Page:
A farm reaps what it sows. So does a country. So does Afghanistan. And so does the United States. The direction a country takes comes from past roots, and, as with a plant, if those roots have not been nourished and tended properly, a country can grow sick, weak, and often die. We’ve seen it happen with many countries and cultures throughout history. Greece, Rome, Nazi Germany, Czarist and Communist Russia, Vietnam, China, Fascist Spain, Italy, Portugal, and, Trump America.
The U.S. and its NATO allies have finally pulled out of Afghanistan. The Taliban have reconquered the country and are once again in charge. It is not the fault of any country except Afghanistan for that happening. President Obama poured 300,000 troops into that country in an attempt to bolster its military and its government in a monumental effort to strengthen and stabilize Afghanistan. Ultimately that effort failed, but Barack gets an A for trying. Even Trump gets a high mark for attempting to negotiate with the Taliban to bring some semblance of order to this chaotic country. And no one can blame Biden for wanting to exit this “forever war.” It was none of these presidents’ fault for the Taliban taking back control. The root causes lie in the history of this war-torn nation, which goes back to 1880 as a nation, but marks its origins to the Bronze Age some 5000 years ago. It was once known as central Asia’s roundabout, for its diverse trade routes leading in various directions. For that reason it was strategically important, and, so, fought over by many cultural groups for thousands of years. In the modern age, the Russians were the first foreign power to try and muscle its way into control of the many cultural groups that made up this country. They failed and were followed by the Brits who also failed, followed by the Americans in 2002, shortly after the 9/11 terrorist attacks in an attempt to root out Osama bin Laden and his al Queda terrorists who were responsible for 9/11. That invasion failed when bin Laden escaped, but for some reasons, the Americans stayed. But rather than concentrate on building a strong Afghanistan, President Bush took his eyes off the prize by shifting most of his efforts to his ill fated war on Iraq in 2003.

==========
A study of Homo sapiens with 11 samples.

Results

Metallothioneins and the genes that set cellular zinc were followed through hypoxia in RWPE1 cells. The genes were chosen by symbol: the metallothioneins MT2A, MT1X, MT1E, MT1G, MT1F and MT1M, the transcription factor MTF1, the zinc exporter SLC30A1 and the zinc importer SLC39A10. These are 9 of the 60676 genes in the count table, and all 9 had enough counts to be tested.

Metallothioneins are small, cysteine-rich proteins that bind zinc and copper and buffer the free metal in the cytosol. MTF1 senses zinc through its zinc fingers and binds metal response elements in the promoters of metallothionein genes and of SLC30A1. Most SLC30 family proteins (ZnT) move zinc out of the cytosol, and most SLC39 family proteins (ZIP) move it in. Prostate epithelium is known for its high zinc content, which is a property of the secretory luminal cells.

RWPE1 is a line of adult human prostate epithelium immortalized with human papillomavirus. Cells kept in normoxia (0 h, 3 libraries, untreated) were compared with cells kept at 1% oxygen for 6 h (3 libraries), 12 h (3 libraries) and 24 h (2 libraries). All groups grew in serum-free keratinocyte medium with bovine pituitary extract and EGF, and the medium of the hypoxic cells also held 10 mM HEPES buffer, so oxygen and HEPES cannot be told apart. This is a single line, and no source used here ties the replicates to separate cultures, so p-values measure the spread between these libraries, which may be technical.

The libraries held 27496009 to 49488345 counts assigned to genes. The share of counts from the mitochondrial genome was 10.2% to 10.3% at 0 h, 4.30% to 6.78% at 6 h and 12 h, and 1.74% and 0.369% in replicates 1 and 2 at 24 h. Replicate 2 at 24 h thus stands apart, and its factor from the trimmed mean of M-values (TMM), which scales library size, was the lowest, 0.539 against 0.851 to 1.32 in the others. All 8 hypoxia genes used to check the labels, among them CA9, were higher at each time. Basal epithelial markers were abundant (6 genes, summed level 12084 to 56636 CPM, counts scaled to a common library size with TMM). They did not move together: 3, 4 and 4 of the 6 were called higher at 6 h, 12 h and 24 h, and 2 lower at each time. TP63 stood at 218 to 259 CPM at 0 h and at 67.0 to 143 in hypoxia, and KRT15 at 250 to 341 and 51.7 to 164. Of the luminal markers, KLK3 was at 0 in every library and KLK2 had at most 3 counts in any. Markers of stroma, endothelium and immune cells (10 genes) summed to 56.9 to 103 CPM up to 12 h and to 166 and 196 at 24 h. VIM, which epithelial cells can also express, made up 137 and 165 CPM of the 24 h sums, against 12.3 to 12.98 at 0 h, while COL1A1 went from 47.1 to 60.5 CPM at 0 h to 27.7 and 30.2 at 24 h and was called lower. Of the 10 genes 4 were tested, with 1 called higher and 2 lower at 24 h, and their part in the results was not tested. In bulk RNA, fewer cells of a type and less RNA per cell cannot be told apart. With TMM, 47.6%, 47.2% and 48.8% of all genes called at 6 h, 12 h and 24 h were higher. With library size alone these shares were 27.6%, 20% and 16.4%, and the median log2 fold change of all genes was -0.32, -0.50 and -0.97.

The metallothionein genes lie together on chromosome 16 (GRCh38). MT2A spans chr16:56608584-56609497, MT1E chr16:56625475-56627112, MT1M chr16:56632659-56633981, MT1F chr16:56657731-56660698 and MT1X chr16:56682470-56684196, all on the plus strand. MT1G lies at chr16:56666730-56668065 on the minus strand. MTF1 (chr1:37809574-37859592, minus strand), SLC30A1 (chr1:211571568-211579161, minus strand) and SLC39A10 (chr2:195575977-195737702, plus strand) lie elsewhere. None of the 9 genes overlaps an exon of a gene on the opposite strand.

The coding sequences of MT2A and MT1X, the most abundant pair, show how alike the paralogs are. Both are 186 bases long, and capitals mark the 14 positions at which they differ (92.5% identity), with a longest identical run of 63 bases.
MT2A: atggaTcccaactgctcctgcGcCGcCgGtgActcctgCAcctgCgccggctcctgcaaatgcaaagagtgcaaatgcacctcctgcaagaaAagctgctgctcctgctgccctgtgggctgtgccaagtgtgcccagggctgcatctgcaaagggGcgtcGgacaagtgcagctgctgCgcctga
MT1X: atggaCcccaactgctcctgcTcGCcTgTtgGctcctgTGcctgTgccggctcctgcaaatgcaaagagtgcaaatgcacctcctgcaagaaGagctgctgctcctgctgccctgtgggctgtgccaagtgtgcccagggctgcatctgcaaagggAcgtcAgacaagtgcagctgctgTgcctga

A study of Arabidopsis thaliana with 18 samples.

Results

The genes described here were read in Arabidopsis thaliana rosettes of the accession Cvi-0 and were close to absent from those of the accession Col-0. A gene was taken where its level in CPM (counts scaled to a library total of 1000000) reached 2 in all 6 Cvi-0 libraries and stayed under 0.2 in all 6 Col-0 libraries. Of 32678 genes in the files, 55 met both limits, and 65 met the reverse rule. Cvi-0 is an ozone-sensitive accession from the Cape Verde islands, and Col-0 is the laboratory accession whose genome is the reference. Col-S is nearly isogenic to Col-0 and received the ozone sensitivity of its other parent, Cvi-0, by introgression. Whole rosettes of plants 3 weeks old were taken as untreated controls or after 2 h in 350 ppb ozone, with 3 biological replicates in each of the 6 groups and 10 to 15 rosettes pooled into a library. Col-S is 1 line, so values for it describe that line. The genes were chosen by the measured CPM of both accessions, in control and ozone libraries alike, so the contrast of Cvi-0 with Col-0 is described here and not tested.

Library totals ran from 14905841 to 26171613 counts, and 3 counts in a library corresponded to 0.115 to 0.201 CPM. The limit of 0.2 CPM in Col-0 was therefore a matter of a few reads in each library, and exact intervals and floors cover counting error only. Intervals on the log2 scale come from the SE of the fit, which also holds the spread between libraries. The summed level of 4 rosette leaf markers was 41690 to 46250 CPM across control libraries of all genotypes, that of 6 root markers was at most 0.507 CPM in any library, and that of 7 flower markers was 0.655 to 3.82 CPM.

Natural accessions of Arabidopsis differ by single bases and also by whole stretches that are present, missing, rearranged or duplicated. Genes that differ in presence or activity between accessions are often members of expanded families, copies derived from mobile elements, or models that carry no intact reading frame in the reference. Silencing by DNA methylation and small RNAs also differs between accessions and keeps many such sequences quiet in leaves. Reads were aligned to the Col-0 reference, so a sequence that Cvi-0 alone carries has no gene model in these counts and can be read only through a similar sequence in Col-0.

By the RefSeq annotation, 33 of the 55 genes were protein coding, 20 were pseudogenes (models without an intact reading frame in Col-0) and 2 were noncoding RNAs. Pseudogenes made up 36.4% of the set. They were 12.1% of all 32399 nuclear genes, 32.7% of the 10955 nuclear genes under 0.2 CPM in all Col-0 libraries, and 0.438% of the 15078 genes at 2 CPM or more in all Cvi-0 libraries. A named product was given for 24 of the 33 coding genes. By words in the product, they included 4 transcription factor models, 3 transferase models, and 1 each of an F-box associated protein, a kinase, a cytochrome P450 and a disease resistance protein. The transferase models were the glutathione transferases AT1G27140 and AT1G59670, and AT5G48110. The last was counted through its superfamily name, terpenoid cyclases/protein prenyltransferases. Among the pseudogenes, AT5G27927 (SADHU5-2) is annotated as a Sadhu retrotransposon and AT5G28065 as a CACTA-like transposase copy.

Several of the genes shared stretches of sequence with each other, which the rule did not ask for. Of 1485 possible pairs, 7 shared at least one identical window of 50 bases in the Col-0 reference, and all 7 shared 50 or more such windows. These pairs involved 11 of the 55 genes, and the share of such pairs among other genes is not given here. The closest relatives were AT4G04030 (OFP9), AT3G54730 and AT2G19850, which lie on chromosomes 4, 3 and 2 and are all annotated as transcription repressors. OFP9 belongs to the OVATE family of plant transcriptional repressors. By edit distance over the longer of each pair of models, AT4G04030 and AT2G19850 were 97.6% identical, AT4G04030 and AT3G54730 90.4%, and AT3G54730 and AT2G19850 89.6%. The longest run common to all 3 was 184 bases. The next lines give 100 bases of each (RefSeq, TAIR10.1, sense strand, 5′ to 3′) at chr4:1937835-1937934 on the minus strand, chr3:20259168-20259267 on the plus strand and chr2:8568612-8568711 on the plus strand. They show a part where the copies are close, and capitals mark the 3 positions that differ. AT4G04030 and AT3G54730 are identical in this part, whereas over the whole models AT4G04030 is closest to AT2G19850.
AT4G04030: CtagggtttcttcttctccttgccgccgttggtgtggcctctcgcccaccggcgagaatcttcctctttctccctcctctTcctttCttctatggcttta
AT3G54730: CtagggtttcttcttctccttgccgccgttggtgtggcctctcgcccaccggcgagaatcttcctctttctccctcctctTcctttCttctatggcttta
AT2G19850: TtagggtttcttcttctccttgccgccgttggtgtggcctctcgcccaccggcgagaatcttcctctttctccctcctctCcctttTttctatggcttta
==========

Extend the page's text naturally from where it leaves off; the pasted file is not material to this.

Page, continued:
Are you still with me? It is complicated, isn’t it? But you can see how the radical-Islamic Taliban filled numerous vacuums over the years, and with financing from foreign interests like Iran were able to build a formidable military force and recruit thousands. And remember, the Taliban are Afghans, mostly from rural areas, and not some foreign power so they have much support within the country. Despite their brutal reputation for fundamentalist extremism, their consistent argument about driving foreigners out of their country is a powerful one.
Now, we and the rest of the “civilized” world look at that war weary country, lament its fate, and hold our collective heads in our collective hands, fearing the worst. The Taliban, with its harsh, medieval Sharia Law, has proven to be quite cruel after taking power in the past. But given its history, and the history of central Asia, that should be no surprise. What I can fault is the lack of planning for a calm transition/evacuation after allied troops were pulled out. Both Trump and Biden received poor advice and intelligence around the strength and intent of the Taliban once U.S. troops were removed. It took them all of nine days to conquer the entire country, throwing the populace into a panic. This showed a lack of competence and empathy on both presidents’ part–much expected of Trump but certainty not of Joe Biden. He should have known better and planned for a more orderly and timely evacuation.
Afghanistan now is sowing what it has reaped, and there isn’t much, other than weak words and ineffective economic sanctions the West can do about it. Its fate is in the hands of its people alone, as history has shown. And history has certainly shown how people can and do rise up and overthrow a government that is not acting in the country’s best interest.